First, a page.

This plastic mannequin head, which was found on the 6,277 metres below the surface of Japan's Sagami Bay is among nearly 2,000 examples of deep sea debris documented by an ocean research organization. And they're not even looking for it.

Deep-sea Debris Database/JAMSTEC

This plastic mannequin head, which was found on the 6,277 metres below the surface of Japan's Sagami Bay is among nearly 2,000 examples of deep sea debris documented by an ocean research organization. And they're not even looking for it.

Washing machines. Rubber boots. Even spooky plastic heads.

That’s just a few examples of the carelessly tossed trash fouling the ocean floor, according to a Japanese organization that is cataloging the astonishing amount of junk humans have dumped beneath the waves.

Launched this week by the Japan Agency for Marine-Earth Science and Technology, the Deep-Sea Debris Database combs three decades worth of photos and videos captured by their fleet of submarines off the archipelago’s coast.

“I want people to know that trash at sea not only floats ashore, but affects the sea at depths of 10,000 metres,” said the agency’s Hideaki Saito.

Among the refuse in the fully searchable database – which is available in English and Japanese – are a tire tube found 1,456 metres below the surface of Sagami Bay and an 18-litre metal can that settled in the Kumano Trough after a nearly 2,100-metre descent.

The database is just the most recent alarm to ring over the health of our oceans, even at their darkest depths. A study released in February outlined the “extraordinary” levels of toxicity in the Mariana Trench. Researchers said the levels of contamination found in creatures that dwell 10 kilometres below the surface were 50 times higher than crabs living in the Liaohe River, one of China’s most polluted waterways.

“The expanse of the deep sea infers that there are still large areas untouched by (human) activity,” the study’s authors wrote. “Although the intrinsic linkages between the deep sea and surface waters would suggest this inference is ill-conceived.”

Let’s have a look at some of the junk the JAMSTEC team stumbled across to help illustrate how “ill-conceived” that actually is.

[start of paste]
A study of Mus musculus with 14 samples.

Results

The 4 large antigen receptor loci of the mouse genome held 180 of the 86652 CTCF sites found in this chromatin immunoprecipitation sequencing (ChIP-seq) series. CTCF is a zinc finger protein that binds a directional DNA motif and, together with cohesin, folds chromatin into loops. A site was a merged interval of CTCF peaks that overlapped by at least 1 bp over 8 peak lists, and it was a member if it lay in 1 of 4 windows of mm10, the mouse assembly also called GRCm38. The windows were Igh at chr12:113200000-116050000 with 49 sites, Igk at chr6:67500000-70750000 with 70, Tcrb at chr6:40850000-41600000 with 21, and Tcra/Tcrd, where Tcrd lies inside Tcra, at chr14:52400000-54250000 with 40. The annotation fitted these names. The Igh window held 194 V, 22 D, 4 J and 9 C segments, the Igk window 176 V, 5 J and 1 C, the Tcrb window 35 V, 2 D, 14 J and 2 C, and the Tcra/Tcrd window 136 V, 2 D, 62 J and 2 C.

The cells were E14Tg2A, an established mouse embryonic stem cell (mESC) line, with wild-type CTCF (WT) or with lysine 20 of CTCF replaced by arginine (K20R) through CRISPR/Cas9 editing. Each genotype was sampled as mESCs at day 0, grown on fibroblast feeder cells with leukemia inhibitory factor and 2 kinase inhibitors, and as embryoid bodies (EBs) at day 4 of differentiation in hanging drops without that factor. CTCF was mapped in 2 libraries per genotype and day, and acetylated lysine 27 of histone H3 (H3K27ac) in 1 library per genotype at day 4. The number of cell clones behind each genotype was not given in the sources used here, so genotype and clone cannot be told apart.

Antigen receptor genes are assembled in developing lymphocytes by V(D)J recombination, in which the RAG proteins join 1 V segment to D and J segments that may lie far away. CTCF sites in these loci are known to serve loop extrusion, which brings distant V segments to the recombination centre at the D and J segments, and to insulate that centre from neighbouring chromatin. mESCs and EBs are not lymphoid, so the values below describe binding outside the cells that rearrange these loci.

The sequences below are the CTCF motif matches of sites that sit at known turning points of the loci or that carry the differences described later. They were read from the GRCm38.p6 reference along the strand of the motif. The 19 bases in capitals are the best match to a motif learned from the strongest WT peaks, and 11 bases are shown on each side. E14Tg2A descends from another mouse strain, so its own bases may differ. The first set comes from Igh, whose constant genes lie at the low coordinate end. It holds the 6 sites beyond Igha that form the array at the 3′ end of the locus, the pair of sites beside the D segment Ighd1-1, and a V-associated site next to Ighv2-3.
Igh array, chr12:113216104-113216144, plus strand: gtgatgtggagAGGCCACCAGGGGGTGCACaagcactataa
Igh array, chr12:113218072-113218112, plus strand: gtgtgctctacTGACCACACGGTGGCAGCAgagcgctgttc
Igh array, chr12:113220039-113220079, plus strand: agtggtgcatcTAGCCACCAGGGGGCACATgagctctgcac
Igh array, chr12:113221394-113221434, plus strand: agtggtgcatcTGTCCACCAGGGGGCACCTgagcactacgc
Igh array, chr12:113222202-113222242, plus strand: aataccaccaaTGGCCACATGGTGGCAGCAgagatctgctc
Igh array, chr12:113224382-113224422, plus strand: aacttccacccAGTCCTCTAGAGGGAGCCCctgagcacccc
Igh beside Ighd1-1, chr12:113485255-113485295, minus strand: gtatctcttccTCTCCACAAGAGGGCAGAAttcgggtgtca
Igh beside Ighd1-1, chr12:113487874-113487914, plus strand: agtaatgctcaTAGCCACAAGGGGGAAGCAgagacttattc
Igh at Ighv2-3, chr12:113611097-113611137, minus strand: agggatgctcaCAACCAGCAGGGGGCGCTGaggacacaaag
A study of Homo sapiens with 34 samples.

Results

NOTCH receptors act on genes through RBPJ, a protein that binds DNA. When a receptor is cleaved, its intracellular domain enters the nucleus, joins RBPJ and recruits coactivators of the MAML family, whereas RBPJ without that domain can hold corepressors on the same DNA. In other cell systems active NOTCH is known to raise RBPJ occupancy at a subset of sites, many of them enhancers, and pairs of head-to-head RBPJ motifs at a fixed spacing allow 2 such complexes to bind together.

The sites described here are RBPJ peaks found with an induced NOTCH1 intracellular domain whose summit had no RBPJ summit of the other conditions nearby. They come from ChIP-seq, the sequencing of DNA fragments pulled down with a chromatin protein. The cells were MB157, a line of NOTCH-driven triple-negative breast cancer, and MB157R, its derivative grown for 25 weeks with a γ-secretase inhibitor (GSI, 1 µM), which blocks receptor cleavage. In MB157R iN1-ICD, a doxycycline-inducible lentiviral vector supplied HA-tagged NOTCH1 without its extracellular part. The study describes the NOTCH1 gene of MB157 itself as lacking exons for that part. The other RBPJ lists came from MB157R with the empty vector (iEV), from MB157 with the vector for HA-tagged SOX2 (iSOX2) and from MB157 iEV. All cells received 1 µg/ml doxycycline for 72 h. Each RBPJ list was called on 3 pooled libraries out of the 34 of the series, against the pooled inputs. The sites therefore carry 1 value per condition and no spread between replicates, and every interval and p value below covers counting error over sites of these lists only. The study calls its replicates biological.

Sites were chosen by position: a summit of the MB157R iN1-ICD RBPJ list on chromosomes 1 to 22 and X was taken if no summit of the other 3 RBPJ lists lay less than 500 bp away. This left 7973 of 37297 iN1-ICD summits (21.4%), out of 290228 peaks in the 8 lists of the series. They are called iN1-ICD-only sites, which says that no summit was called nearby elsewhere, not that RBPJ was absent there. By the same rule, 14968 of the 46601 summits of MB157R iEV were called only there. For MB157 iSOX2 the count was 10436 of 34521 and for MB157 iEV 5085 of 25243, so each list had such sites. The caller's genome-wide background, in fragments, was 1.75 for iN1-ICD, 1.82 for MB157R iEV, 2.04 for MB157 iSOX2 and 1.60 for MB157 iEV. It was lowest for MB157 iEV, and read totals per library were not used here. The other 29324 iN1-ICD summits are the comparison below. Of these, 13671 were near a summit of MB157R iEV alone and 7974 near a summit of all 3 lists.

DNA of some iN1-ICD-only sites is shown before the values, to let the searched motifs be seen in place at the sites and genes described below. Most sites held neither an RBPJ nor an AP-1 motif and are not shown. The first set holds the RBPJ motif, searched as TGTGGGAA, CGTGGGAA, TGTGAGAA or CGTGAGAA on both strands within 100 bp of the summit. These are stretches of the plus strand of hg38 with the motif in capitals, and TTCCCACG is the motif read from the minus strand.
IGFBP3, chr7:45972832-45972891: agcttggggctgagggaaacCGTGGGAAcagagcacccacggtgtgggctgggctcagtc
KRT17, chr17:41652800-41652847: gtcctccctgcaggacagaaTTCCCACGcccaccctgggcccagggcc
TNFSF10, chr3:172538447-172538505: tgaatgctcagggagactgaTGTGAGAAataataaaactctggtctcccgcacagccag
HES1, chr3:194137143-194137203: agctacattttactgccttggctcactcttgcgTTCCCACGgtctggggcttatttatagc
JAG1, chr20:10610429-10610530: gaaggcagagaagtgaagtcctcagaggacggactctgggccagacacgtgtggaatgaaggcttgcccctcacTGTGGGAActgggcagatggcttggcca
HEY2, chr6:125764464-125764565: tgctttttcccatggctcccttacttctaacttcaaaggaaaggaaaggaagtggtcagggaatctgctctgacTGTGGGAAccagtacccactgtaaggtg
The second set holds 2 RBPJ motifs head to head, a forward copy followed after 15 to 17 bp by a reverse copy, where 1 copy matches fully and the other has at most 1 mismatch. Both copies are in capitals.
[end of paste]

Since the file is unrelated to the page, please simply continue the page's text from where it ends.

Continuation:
JAMSTEC

A litany of plastic bags, aluminum cans and even a beach ball are strewn among the crabs and fishes more than 1,400 metres deep in Sagami Bay.

JAMSTEC

Several days after the first image was capture, an even more astonishing field of Sagami Bay plastic was spotted nearby.

JAMSTEC

In case you thought humans stopped polluting Sagami Bay in the 90s, this plastic doll was found in 2008.

JAMSTEC

One must admit that the ocean floor would be an unusual place for a fender bender. So how did a bumper reach the bottom off Sanriku?

JAMSTEC

Warning labels on batteries urge us to dispose of them properly. This is not an example of proper battery disposal.

We return to Sagami Bay, where this washing machine was spotted at a depth of 1,317 metres in 1997.

JAMSTEC

What appears to be a film reel rests at a depth of 597 metres in the Nankai Trough.

JAMSTEC

This unidentifiable metal equipment was discovered at a depth of 1,300 metres in Suruga Bay, though some creatures had taken to calling it home.

JAMSTEC

Whatever this is, it's quite large and it somehow ended up nearly 7,500 metres below the Sea of Japan's surface.

JAMSTEC

The Mariana Trench is the deepest part of the ocean, home to some of the world's most mysterious and unusual creatures. It also hosts this steel chain and its remarkably intact rope companion.